Leiden, J. de Wetstein and in Amsterdam, Z. Chatelain & Fils, 1761.
Folio [345 x 250 mm] of (10) ll. including 1 portrait of the author and 1 frontispiece, 385 pp. and 24 full page plates out of pagination. Bound in full contemporary red Russian leather, gilt border with a foliage pattern on the covers, gilt arms on the center, spine ribbed and decorated with gilt fleurons, green morocco lettering piece, gilt edges. Contemporary Russian binding.
Rare enlarged edition, one of the most beautiful, of Fenelon’s most famous book.
This edition, greatly enlarged, was made from the one printed in Amsterdam in 1734 and considered as the most beautiful one of Fenelon’s book. It is particularly interesting as some of the “plays removed from the 1734 edition have been reprinted there”. (Cohen, 382)
Thus, our copy has a Chapter of Fenelon’s genealogy (6 pp.) as well as an Examination of the conscience for a King (32pp.) published here for the first time.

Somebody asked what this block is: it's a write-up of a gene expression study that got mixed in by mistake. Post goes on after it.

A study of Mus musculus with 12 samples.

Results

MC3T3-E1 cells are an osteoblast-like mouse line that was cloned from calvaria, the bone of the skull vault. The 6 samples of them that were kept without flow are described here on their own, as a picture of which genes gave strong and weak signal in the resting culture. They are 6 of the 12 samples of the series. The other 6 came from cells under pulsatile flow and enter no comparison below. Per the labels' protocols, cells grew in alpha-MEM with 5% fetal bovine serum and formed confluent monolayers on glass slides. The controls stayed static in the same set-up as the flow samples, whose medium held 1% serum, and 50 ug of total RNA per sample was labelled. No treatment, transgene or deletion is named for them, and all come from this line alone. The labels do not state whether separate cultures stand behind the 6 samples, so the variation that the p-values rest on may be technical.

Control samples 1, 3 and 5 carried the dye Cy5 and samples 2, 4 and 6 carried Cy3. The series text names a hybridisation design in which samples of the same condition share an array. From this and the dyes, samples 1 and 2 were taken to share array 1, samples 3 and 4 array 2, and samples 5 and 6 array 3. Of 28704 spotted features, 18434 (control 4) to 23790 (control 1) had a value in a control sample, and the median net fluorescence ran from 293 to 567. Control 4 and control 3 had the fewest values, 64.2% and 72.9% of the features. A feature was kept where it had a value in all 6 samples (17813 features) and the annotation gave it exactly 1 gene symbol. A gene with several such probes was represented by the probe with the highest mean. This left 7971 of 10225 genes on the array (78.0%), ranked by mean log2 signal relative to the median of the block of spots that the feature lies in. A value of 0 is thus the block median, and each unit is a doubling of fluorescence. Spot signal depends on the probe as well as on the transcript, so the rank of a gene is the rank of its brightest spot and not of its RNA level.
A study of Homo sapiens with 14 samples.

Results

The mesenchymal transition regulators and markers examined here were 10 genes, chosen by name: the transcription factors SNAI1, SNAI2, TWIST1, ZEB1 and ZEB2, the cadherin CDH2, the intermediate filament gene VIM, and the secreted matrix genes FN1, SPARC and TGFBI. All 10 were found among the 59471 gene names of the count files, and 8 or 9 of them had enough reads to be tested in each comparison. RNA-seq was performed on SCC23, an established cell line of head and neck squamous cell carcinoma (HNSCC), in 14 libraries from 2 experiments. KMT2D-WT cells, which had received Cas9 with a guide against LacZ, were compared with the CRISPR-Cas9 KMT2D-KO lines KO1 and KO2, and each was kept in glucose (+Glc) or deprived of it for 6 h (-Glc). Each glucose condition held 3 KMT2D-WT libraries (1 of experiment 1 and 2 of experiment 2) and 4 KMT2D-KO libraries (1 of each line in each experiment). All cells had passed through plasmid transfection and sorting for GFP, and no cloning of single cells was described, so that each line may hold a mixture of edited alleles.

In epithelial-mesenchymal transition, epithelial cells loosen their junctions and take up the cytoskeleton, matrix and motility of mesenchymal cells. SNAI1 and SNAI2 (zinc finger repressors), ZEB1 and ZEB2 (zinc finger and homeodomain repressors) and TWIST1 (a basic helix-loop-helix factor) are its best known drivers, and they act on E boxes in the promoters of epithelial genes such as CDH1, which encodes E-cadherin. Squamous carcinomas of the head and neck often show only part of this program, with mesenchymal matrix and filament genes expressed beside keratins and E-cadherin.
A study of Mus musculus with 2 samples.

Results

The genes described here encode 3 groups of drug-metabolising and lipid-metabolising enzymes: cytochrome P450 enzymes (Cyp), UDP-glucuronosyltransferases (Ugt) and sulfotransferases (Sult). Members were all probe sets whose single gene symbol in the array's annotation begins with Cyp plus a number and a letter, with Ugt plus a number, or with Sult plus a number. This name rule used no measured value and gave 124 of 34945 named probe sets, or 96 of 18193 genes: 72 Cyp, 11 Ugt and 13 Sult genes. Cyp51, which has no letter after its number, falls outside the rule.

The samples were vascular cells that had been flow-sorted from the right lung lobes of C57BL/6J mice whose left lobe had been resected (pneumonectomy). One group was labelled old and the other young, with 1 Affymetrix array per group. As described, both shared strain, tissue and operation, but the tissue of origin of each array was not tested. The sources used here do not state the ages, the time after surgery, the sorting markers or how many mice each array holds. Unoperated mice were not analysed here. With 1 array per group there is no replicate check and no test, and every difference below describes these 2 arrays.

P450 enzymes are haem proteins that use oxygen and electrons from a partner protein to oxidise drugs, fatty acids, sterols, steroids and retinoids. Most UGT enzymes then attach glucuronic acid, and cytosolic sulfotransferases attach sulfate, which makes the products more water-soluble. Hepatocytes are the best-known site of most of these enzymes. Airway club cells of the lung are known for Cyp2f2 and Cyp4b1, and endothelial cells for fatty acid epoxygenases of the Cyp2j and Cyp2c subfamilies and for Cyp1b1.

It is decorated with a frontispieceby Picart engraved by Folkéma, with a fleuron on the title by Dubourg engraved by Tanjé, with a portrait of Fenelon engraved by Drevet after Vivien, with 24 figures by Debrie, Dubourg and Picart engraved by Bernaerts, Folkéma, V. Gunst and Surugue, with 24 vignettes by Dubourg engraved by Duflos, Folkéma and Tanjé, and with 21 tail-pieces by Debrie and Dubourg engraved by Duflos and Schenck.
Telemachus is an appropriate work in every sense of the word. Indeed, we know that, in 1689, Fenelon became the home tutor of the three sons of the Grand Dauphin. He mostly had to take care of the duke of Burgundy, the most difficult of them, who happened to be at the same time heir to the throne.
“It is in Homer’s ‘Odyssey’ that he got his subject from. Putting his trust in book fourth, he chose the hero most likely to interest his student: the young Telemachus, son of Ulysses, who is setting out on a perilous journey in order to find his father whose absence is about to cause serious disturbances in the realm.”
A precious folio copy, printed on large Dutch paper, in a seducing contemporary red morocco Russian binding with the arms of Sophie Dorothea of Württemberg, called in Russia Maria Feodorovna.
Dorothea-Sophie-Augusta of Württemberg(1759-1828), second wife of the tsar Paul I, whom she married in 1776, took then the name of Maria Feodorovna, embracing the Orthodox religion. She is the mother of tsar Alexander I.